Whether you’re a small business owner or a self-employed contractor itemizing deductions, it’s that dreaded time of year again, tax time. Are you running around collecting receipts and bank statements, wondering how you got yourself into this mess again this year? Well don’t dwell on it, let’s get started!
Step 1 - Find your Receipts
First you'll need to collect receipts and invoices related to business expenses. Try checking your wallet, desk drawers, car and email. You should have a designated area to keep your receipts, but most of us lack a good organization system for keeping our receipts in one place. Here is a list of the different types of receipts to look for:
Customer Invoices: Review your customer accounts to ensure that you've collected all customer invoices for the tax year.
Debt Collections: Review customer accounts for any bad debt expenses. Under an accrual basis, if a customer doesn't pay your for work completed, you can write off as a bad debt expense.
Business Expenses: Collect all receipts from any business purchase you made over the year and sort them into groups by expense type. Here is sample list of small business tax deductions, not all may apply to your situation . Make sure you consult with your tax advisor or CPA before claiming a deduction.
- Telephone and Internet Expenses
- Business Meals
- Travel Expenses
- Business Use of Your Car
- Business Insurance
- Charitable Contributions
- Retirement Contributions
- Mortgage Interest Paid
- Moving Expenses
- Real Estate Taxes
- Legal and Professional Fees
Vendor Accounts: Review your vendor accounts to ensure that you have paid them all in full. Make sure you have a copy of every bill from each vendor.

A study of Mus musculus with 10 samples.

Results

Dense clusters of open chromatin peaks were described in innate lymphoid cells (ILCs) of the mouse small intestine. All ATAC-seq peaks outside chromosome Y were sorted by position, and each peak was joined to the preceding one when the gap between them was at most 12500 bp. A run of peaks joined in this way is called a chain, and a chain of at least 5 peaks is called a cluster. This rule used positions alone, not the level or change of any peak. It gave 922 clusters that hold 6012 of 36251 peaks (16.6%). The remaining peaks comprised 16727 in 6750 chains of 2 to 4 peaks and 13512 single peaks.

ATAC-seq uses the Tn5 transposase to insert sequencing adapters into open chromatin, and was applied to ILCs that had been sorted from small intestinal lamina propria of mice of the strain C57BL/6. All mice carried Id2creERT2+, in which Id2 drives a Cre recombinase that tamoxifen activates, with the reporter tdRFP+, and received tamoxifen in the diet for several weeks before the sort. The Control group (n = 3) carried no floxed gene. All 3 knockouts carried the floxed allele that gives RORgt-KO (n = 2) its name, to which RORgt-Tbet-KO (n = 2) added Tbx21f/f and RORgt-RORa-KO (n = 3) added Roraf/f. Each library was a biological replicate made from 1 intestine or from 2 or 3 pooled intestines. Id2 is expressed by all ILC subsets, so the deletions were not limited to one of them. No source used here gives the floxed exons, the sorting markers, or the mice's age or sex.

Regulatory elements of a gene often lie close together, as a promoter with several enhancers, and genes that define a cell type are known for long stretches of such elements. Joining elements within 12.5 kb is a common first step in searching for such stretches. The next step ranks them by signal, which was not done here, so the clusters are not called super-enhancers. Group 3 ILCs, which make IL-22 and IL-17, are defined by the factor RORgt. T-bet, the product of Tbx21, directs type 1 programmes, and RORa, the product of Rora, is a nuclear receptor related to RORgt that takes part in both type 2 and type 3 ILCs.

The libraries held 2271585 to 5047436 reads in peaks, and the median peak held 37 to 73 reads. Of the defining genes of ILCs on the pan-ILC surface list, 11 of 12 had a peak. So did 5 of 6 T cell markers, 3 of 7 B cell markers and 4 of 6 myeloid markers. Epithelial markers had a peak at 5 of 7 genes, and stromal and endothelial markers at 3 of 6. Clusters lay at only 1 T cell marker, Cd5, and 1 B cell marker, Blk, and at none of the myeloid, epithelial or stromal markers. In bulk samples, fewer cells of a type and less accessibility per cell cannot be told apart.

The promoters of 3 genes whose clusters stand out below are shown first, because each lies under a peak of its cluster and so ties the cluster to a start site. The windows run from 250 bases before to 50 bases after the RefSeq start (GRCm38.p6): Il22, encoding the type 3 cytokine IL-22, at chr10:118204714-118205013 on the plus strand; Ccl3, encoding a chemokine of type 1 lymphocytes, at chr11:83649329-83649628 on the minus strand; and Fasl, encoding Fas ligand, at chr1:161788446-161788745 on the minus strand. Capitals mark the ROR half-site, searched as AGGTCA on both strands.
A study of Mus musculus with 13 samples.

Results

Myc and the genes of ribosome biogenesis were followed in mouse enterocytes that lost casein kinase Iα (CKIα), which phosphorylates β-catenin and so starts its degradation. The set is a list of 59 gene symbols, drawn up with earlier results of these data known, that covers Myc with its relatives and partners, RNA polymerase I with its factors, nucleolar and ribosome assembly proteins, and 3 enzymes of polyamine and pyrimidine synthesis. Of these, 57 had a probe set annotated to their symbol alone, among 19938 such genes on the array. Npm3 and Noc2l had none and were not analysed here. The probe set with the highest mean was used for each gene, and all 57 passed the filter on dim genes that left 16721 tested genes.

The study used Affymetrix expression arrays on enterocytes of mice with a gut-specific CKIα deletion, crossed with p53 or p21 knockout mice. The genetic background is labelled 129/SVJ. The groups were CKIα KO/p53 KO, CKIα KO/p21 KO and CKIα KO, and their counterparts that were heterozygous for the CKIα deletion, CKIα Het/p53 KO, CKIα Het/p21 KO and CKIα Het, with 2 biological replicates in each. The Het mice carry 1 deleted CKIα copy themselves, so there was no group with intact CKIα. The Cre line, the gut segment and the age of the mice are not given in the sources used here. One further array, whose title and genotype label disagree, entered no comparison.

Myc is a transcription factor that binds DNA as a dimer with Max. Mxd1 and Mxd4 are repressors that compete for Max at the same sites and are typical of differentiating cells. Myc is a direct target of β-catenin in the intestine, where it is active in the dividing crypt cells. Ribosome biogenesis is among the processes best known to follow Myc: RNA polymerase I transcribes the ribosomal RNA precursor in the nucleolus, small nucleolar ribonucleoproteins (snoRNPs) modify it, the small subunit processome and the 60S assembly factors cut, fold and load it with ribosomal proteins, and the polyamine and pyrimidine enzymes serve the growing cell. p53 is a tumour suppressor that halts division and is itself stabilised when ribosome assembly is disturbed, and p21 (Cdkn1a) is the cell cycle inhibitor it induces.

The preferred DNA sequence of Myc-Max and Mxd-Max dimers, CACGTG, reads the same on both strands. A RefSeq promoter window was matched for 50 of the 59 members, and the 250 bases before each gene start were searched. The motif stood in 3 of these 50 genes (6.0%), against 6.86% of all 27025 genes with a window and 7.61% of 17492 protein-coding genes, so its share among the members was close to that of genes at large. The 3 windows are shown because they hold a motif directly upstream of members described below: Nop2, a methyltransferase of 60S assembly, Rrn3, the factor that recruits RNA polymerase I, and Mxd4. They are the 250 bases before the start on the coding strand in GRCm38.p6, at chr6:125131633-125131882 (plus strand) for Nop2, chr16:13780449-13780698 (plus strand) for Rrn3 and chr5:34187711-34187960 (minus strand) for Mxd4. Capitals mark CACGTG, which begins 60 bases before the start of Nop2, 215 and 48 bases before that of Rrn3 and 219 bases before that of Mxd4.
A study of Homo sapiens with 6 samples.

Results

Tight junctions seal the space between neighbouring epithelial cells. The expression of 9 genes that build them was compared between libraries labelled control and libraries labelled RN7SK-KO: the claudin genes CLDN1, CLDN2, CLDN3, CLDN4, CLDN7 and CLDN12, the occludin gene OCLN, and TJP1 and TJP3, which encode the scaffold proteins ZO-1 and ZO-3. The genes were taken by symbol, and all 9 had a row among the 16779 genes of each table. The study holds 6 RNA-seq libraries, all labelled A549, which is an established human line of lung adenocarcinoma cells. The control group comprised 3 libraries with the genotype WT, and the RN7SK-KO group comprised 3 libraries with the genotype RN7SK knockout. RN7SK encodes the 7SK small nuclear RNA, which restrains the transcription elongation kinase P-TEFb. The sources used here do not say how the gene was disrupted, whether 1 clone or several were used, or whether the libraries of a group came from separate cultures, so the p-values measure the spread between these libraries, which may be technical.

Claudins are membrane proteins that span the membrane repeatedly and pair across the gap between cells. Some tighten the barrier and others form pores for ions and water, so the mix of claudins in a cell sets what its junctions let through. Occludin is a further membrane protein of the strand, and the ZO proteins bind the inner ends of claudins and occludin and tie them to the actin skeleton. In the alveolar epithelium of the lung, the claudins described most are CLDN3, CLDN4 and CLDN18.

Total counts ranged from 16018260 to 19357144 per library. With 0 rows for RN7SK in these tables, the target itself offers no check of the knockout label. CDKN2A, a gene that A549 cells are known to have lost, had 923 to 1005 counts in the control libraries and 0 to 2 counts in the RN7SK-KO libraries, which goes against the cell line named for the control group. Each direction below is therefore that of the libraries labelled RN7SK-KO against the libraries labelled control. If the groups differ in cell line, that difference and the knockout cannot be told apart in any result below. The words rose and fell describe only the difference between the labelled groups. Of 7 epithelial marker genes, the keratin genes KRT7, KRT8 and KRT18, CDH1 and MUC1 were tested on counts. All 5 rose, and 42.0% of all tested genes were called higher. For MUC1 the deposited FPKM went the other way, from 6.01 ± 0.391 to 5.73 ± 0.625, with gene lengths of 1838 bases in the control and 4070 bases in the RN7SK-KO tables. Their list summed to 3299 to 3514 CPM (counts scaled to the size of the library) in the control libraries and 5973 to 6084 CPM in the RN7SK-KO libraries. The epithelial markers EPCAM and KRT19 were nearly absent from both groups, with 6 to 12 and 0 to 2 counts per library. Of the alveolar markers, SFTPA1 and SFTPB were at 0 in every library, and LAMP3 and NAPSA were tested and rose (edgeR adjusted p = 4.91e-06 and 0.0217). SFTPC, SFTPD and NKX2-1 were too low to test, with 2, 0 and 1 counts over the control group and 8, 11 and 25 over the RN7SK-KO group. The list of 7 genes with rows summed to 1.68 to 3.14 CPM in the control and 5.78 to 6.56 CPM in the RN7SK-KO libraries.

Grouping your receipts will make it easier to fill out tax forms. If you are ever audited you will need the receipts to justify why you claimed certain tax credits.
Step 2 - Reconcile Your Bank Accounts
You need to reconcile your bank accounts to insure that all the bank activity is recorded in your books and to identify any errors in your company or bank records. Compare each transaction from your bank statement with company accounting records to ensure the balance of each account is the same. If they are different, identify and fix any errors so that the balances match.
Step 3 - Separate Personal and Business Expenses
It is very important to keep your personal and business expenses separate. Overstating your business expenses can result in large amounts of penalties and interest if you are ever audited and found to have done this incorrectly.
Step 4 - Have an Accountant Review Your Expenses
Business owners should ask a tax professional to review their expenses before filing a tax return. This helps to ensure there are no errors made or tax deductions missed.
If you need help getting your business receipts organized, we are here to help. Whether you just need some help getting your books caught-up, monthly reconciliations or all of your bookkeeping we would be more than happy to get you started or do it for you.
For more helpful tips see our previous post Get Organized for the 2013 Tax Season.